By Mehr Tarar
24 November 2014
It has been 100 days, and there is no predicting when it would end. What started as a march for Azadi (freedom), and a Dharna (sit-in) for acceptance of demands has transformed -- one slogan-filled day at a time -- into a full-blown movement for change. “Change” being the keyword here. Imran Khan is all poised to set another record: have the longest-running sit-in in the history of Pakistan. Of course, there have been others, like the ones led by many Baloch to protest the “disappearance” of family members/friends, but those protests have not been worthy of much media attention. Most uncomfortable subjects aren’t. Khan’s protest has all the trademarks of topping the TRPs, bagging the headlines, giving the opposing sides’ headaches and heartaches, and keeping bigger issues on a backburner. Welcome to freedom movements, circa 2014.
It all started with the Khan-led Pakistan Tehreek-e-Insaf’s (PTI) demand for an investigation into the electoral results of four constituencies that saw the PTI bigwigs like Khan himself losing to the Nawaz Sharif-led Pakistan Muslim league-Nawaz (PML-N). Despite persistent demands from the PTI, the PML-N, in power at the Centre and Punjab, did not seem to be in any mood to open any sealed ballot boxes, maybe uncomfortably aware of how those boxes would become those Pandora’s boxes that would be full of much they didn’t want to reveal: bogus votes, multiple votes by a single voter, votes cast by voters who didn’t exist in voting lists, or had long been dead. Whatever the reasons may have been, the boxes remained sealed; Khan’s polite requests became loud protestations; Government remained impassive, with a statement or two by one or the other of its loudmouthed spokespersons after every protestation; the warnings got dire; and time passed. The status quo remained imperturbable, and Khan grew angrier with every act of poker-faced nonchalance from those who could-but-didn’t.
On August 14, 2014, Khan set into motion what came to be known as the Azadi March to Islamabad, and the rest as we know it is the chronicles of the capital in the last hundred days.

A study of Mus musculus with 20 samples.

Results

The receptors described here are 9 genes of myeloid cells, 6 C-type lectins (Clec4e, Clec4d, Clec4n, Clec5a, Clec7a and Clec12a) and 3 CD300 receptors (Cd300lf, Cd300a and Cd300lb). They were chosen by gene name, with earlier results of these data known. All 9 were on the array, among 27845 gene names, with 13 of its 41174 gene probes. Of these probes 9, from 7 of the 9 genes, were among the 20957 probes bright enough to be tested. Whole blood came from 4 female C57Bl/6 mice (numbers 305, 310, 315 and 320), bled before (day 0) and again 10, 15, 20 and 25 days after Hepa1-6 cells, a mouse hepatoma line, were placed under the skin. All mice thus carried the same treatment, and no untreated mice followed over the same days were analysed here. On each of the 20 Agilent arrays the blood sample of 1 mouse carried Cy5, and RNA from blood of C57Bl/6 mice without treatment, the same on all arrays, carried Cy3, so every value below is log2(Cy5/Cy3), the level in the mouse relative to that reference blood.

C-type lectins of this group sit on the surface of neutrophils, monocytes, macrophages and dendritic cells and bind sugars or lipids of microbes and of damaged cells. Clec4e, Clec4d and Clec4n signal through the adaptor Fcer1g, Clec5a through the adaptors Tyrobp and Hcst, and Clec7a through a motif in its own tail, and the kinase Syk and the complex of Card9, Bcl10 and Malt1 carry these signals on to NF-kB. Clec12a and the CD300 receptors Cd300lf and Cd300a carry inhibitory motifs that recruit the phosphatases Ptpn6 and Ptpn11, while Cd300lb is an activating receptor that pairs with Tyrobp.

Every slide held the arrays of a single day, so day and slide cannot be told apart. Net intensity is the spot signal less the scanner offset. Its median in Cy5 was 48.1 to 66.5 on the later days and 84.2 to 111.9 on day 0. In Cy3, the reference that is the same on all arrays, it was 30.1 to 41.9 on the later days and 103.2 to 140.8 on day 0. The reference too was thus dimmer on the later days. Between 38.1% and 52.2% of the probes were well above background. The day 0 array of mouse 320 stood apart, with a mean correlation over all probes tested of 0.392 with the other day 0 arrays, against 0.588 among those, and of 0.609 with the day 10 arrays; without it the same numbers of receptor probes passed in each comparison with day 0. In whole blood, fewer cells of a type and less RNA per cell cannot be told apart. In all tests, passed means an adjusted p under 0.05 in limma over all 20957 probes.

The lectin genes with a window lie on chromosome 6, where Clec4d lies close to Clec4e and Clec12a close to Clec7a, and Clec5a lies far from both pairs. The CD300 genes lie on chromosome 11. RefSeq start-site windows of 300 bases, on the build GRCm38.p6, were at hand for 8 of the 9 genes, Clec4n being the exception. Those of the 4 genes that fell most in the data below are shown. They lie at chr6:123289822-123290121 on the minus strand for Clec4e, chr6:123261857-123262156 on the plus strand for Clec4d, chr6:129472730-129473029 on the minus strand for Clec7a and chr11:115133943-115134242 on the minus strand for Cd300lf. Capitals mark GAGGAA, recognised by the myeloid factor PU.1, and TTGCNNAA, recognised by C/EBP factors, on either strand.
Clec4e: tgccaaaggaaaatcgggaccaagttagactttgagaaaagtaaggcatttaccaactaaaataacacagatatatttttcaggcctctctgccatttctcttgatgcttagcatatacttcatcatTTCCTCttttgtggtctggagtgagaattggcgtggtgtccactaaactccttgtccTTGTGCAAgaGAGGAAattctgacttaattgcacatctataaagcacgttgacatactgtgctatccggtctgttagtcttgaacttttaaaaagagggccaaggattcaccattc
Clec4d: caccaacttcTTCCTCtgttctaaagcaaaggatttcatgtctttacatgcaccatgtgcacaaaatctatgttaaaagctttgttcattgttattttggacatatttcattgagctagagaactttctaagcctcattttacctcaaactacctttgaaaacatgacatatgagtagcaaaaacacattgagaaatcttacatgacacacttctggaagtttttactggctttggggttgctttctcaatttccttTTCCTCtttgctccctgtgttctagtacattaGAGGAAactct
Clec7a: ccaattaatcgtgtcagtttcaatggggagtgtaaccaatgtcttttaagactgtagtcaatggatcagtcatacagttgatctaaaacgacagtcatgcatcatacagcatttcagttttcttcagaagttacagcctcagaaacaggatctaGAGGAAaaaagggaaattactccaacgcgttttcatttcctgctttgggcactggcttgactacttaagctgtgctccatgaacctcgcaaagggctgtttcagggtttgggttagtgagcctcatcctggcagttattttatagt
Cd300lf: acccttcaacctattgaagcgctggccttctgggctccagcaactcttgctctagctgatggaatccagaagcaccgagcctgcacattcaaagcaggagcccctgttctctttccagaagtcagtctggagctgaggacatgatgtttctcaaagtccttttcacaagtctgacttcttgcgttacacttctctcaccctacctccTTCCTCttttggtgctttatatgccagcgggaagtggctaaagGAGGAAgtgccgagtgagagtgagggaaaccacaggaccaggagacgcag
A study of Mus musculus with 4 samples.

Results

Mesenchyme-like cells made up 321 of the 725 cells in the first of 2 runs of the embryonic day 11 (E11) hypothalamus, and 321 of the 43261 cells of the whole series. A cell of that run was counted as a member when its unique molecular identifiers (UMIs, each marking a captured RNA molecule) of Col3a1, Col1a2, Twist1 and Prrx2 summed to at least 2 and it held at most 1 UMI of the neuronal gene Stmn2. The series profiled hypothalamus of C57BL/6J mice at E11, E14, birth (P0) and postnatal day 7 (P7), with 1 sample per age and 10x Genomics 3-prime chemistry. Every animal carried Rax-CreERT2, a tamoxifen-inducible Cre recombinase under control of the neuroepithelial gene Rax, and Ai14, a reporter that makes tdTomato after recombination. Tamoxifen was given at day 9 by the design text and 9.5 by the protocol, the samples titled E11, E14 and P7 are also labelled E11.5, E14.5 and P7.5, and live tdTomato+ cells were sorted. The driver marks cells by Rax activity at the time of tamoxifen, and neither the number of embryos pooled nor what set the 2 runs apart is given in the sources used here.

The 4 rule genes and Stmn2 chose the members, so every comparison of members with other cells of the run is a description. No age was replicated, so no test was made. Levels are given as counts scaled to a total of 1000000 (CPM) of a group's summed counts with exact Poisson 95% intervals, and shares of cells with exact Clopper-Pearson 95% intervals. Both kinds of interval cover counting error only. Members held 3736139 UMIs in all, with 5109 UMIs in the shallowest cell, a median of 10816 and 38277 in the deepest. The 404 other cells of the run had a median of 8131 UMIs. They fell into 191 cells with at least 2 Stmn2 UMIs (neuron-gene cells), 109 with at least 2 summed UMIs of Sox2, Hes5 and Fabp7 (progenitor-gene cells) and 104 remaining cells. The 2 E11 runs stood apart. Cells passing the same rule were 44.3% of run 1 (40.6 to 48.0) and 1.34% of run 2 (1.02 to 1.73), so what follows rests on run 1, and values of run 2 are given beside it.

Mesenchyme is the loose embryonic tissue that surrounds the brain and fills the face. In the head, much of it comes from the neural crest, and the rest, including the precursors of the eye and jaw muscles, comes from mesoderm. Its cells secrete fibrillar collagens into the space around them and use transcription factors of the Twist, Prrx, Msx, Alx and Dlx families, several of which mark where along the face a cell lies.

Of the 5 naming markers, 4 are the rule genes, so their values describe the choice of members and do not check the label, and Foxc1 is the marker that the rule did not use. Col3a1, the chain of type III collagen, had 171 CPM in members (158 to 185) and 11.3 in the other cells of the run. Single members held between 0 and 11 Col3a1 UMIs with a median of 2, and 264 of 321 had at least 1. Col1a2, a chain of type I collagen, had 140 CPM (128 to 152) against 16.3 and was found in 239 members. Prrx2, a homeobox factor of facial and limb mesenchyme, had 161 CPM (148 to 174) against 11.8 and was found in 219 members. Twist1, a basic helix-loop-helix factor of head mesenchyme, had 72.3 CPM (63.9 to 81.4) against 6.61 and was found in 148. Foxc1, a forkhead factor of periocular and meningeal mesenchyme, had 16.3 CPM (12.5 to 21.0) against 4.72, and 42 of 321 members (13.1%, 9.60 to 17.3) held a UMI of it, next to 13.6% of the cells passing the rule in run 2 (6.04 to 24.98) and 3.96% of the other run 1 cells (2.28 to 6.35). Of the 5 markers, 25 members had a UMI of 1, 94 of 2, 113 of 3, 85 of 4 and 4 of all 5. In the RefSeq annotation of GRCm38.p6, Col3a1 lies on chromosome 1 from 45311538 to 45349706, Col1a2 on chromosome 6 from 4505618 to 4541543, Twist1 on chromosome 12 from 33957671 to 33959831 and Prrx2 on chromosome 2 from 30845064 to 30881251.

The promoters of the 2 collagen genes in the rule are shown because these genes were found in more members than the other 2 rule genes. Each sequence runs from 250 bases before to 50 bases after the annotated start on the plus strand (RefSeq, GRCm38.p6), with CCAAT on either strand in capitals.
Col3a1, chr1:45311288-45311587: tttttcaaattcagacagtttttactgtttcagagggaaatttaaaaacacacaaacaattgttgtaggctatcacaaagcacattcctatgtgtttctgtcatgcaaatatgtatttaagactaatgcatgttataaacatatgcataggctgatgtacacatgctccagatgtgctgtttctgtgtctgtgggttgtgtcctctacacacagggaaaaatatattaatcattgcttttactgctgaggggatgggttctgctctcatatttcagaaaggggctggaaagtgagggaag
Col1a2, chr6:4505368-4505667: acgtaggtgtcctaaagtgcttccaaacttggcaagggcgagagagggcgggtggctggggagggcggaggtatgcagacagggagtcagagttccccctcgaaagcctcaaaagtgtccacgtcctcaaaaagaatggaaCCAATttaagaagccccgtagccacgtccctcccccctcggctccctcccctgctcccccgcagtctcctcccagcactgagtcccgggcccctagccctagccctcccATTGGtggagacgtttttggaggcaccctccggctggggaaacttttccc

What will be the outcome of what Khan and his legions of supporters call a legitimate fight for the overhauling of system, and the opposing side — here that happens to be the government of Pakistan — labels a conspiracy to destroy the democratic structure of an already fragile system, tethered forever to a legacy of military dominance and shoddy governance? What will be the alteration in the “status quo” that Khan denounces in his nightly addresses? How will the system undergo a series of regulated checks and balances when there is no one to take responsibility for anything that has gone awry in a series of unfortunate events, otherwise known as governance of Pakistan in the last 67 years? Who will be the arbiter of change that Khan demands when there is absolute rigidity on all sides to even undertake the notion of accountability? Where will the march for freedom go when all roads seem to be muddied, and marked to end in a cul-de-sac of an uneasy compromise?
Notwithstanding the outlandishness of some of Khan’s statements, the outrageousness of many of his epithets (targeting his opponents) and allegations (again targeting his opponents), the arrogance of quite a few of his declarations, and the insidious simplicity of some of his demands, there’s no denying the potency of what his movement symbolises today. Being a witness to decades of military rule in the so-called democracy that my homeland is, I’ve nothing but trepidation for a demand of another prime minister’s resignation. Watching Pakistan struggle on the low index of development, I’ve little sympathy for prolonged sit-ins, marches, rallies, where much time and resources is spent on nothing but clichéd promises and much-heard admonitions. I wish for the PTI Dharna to end because I would like to see the fight move to the halls of parliament. But there is the quiet Pakistani me who endorses a great deal of what Khan and the PTI stand for — notwithstanding the difference in the presentation of our views.
I wish for a new Pakistan. But I wish for a new Pakistan through a democratic process, not anarchy. I wish for transparent accountability into all that has been siphoned from Pakistan’s treasury. I wish for all who harmed Pakistan’s sovereignty and writ of state brought to justice. I wish for nepotism to make way for merit. I wish for clean elections. I wish to see new faces in parliament working to legislate a new government order. I wish the musical chairs of power in the same hands to end. I wish for all black money to be accounted for. I wish for a Pakistan that is for Pakistan. And I wish for that Pakistan through the vote. The cracks have appeared. The awareness is simmering. The passion has been kindled. And despite the numerous brickbats, the credit of it all goes to Imran Khan. Now I will vote for change once the term for this government is over. Constitutionally. In 2018.
Mehr Tarar is a freelance journalist.